Several members of the US Congress on Friday introduced a bill to establish a “US-Taiwan Infectious Disease Monitoring Center” that would work with Taiwan’s Centers for Disease Control (CDC) for the early detection of infectious diseases in the region.
The planned center would operate under the American Institute in Taiwan (AIT), according the proposed US-Taiwan Public Health Protection Act.
It would be staffed by US government employees, including at least three infectious-disease experts from the US Department of Health and Human Services, and at least one staff member from another federal department, the bill says.
It could also employ Taiwanese and CDC personnel, said a news release issued by US Senator Tom Cotton, a Republican, who introduced the bill along with US Representative Ro Khanna, a Democrat, and others.
The bill would seek the appropriation of US$1.6 million for the fiscal year 2022 and US$1.35 million each year from 2023 to the US Department of State and the AIT to be used for personnel and management expenses related to the center.
“The center shall seek to partner with Taiwan’s CDC to conduct health monitoring of infectious diseases in the region by regularly monitoring, analyzing and disseminating open-source material from countries in the region, including viral strains, bacterial subtypes and other pathogens,” the bill says.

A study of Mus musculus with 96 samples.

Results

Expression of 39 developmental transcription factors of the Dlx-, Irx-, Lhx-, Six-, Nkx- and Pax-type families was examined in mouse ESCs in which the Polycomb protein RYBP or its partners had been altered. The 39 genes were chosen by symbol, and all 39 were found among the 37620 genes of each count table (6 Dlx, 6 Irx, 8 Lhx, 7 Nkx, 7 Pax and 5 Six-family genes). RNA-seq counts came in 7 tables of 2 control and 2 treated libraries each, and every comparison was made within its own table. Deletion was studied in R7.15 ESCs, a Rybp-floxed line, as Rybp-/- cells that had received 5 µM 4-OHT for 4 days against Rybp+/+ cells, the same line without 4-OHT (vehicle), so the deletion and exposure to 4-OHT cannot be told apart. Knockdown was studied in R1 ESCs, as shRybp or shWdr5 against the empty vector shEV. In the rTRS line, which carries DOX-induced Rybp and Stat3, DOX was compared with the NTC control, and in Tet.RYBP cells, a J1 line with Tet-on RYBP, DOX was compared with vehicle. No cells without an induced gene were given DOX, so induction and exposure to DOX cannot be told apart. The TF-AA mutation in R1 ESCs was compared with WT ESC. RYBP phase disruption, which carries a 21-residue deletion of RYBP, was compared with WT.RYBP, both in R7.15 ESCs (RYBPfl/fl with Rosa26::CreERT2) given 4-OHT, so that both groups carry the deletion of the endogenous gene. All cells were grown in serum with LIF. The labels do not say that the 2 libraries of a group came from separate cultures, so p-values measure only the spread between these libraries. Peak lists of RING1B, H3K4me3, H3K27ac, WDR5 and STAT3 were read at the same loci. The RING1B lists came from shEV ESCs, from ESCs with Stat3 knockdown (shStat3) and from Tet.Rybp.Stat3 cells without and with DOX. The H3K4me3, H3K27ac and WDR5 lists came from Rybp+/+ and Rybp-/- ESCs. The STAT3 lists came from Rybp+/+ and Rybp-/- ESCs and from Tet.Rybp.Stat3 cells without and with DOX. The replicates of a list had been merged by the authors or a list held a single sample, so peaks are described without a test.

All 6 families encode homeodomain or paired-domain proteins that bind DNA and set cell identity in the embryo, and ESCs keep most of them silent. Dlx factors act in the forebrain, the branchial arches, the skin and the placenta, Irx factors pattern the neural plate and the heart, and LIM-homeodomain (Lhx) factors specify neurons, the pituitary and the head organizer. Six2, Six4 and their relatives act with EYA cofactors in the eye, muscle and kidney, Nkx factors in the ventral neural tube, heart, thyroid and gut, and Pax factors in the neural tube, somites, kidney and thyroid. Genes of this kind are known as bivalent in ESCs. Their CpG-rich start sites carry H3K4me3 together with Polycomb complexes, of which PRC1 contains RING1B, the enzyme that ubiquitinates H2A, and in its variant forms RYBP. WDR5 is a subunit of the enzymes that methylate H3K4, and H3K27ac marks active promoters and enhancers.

It would also monitor infectious diseases originating in the region, contact regional medical and health officials, and provide expertise on health threats to the US and Taiwanese governments, it says.
“Our bill will ensure the United States has the resources it needs to monitor health threats emerging in the Indo-Pacific and will allow Taiwan to share its knowledge with the world,” Cotton said.
“For too long, the United States has been myopically focused on traditional national security issues and it has hurt our ability to promptly respond to new threats like the COVID-19 pandemic. We must learn from countries like Taiwan that grasped the dangers of this pandemic early on and had success in suppressing it,” Khanna said.
Other cosponsors of the bill are Democratic US senators Catherine Cortez Masto and Jeff Merkley, Republican US Senator Marco Rubio and Republican US Representative Michael Waltz.